Dr ALY: I'm not going to speak for too long on the Immigration (Education) Amendment (Expanding Access to English Tuition) Bill 2020, primarily because we do support an increase to the 510-hour limit. It is appropriate, and it's particularly appropriate when new migrants come to Australia with an ASLPR, Australian Second Language Proficiency Rating, of zero or one, with limited or no literacy. Tuition of 510 hours is simply not enough to get them up to functional English, which is currently assessed at ASLPR2 across all four macro skills.
But there are a number of issues with the bill as it stands, as the member for Scullin, the shadow minister, has outlined. Some of those issues are around eligibility for the AMEP in the first place. Currently, if someone arrives in Australia and tests at or above ASLPR level 2, they are not eligible for the AMEP. Does this mean that the eligibility criteria will change?
The bigger issue, from my experience—and I speak as somebody who was an AMEP teacher and who has a Master of Education, with a thesis in this very area—is that, even at ASLPR2, even with functional English, those who graduate from the AMEP, having achieved that level of English across all four macro skills, go into higher education and are unlikely to successfully complete, whether it's a certificate III or a certificate IV or even a bachelor's degree. There is a gap between an ASLPR2—a functional level of English—and the level of English necessary to complete a degree or acquire a skill of some sort.
One consideration may be to allow people who have reached an ASLPR2 to utilise the rest of their English-language provisions for scaffold learning in a mainstream higher education course—to utilise some of that increase in the 510 hours to enable people who have ASLPR2 to continue to access English-language tuition while, at the same time, also accessing a certificate in, for example, aged care or child care.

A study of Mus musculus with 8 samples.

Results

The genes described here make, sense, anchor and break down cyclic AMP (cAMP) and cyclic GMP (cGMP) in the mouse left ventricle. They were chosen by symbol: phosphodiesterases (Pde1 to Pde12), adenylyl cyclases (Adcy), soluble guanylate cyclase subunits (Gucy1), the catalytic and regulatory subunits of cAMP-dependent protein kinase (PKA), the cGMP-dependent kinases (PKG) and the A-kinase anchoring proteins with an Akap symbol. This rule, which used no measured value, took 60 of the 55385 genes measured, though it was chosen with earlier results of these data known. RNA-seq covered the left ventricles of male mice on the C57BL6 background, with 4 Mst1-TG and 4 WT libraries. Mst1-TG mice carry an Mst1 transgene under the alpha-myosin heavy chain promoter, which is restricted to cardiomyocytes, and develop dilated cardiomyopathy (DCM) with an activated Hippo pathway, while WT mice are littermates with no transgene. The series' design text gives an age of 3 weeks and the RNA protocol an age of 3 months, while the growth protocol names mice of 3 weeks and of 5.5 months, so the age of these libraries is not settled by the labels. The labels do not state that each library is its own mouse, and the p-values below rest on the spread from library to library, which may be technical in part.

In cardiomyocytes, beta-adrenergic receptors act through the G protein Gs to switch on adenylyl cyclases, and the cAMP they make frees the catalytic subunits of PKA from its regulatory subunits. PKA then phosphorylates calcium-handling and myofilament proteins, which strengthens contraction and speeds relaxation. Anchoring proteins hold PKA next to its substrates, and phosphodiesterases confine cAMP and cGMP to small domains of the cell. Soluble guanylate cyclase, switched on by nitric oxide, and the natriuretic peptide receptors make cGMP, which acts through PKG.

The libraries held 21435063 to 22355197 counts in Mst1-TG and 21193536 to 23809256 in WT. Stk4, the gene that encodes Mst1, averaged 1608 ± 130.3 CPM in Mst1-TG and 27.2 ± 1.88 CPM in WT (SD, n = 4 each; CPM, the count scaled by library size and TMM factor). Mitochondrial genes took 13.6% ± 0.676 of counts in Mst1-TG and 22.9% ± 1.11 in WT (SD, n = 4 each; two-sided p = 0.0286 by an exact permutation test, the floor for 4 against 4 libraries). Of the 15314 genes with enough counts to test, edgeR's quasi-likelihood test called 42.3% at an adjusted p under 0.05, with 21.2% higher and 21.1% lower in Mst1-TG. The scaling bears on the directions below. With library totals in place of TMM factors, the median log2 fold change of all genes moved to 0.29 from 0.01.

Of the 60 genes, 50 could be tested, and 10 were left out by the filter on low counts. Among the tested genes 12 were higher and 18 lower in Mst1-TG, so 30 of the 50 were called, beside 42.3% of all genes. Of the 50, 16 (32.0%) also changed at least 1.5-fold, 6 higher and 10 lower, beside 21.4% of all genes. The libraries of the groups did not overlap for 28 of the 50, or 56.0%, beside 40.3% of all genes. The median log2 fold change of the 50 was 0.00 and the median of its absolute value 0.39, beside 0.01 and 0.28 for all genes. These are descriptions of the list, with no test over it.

I urge the government to listen to the providers. They know what they're doing. AMEP teachers are very well versed in how to assess people in the English language but also in the English-language level that is required not just to function in Australian society but to flourish in Australian society. I take it at face value that the government's purpose in introducing this bill and increasing the 510-hour limit is to enable the full economic and social participation of all new migrants to Australia. I hope that is the case. If that is the case, I reiterate my call for the government to talk to service providers, to talk to English-language teachers, to talk to people from the sector about how effectively we could utilise this increase in the 510-hour provisions and deliver the best possible outcome for people who will have those provisions available to them.
That said, I will conclude on my support for the amendment moved by the shadow minister. I also lend my support to the issues raised by the shadow minister, particularly the point that the increase to the 510 hours of English language needs to be taken in the context that the AMEP has been neglected by this government over a number of years. While it's good to see that this is now getting some attention, I hope that that attention results in better outcomes for new arrivals and new migrants, who in my experience—having taught in the AMEP—all want to make a contribution to the country that they chose to come to, Australia. They all want to make an economic contribution; they want to get jobs; they want to work; they want to be a part of our society. The best that we can do is facilitate that for them and help them to do that. We all recognise in this place that having a good grasp of English language, not just a functional grasp, is essential to that. We have within our power the tools to ensure that the AMEP is an effective part of the settlement process. I urge the Government to listen to the service providers and the experts in this field.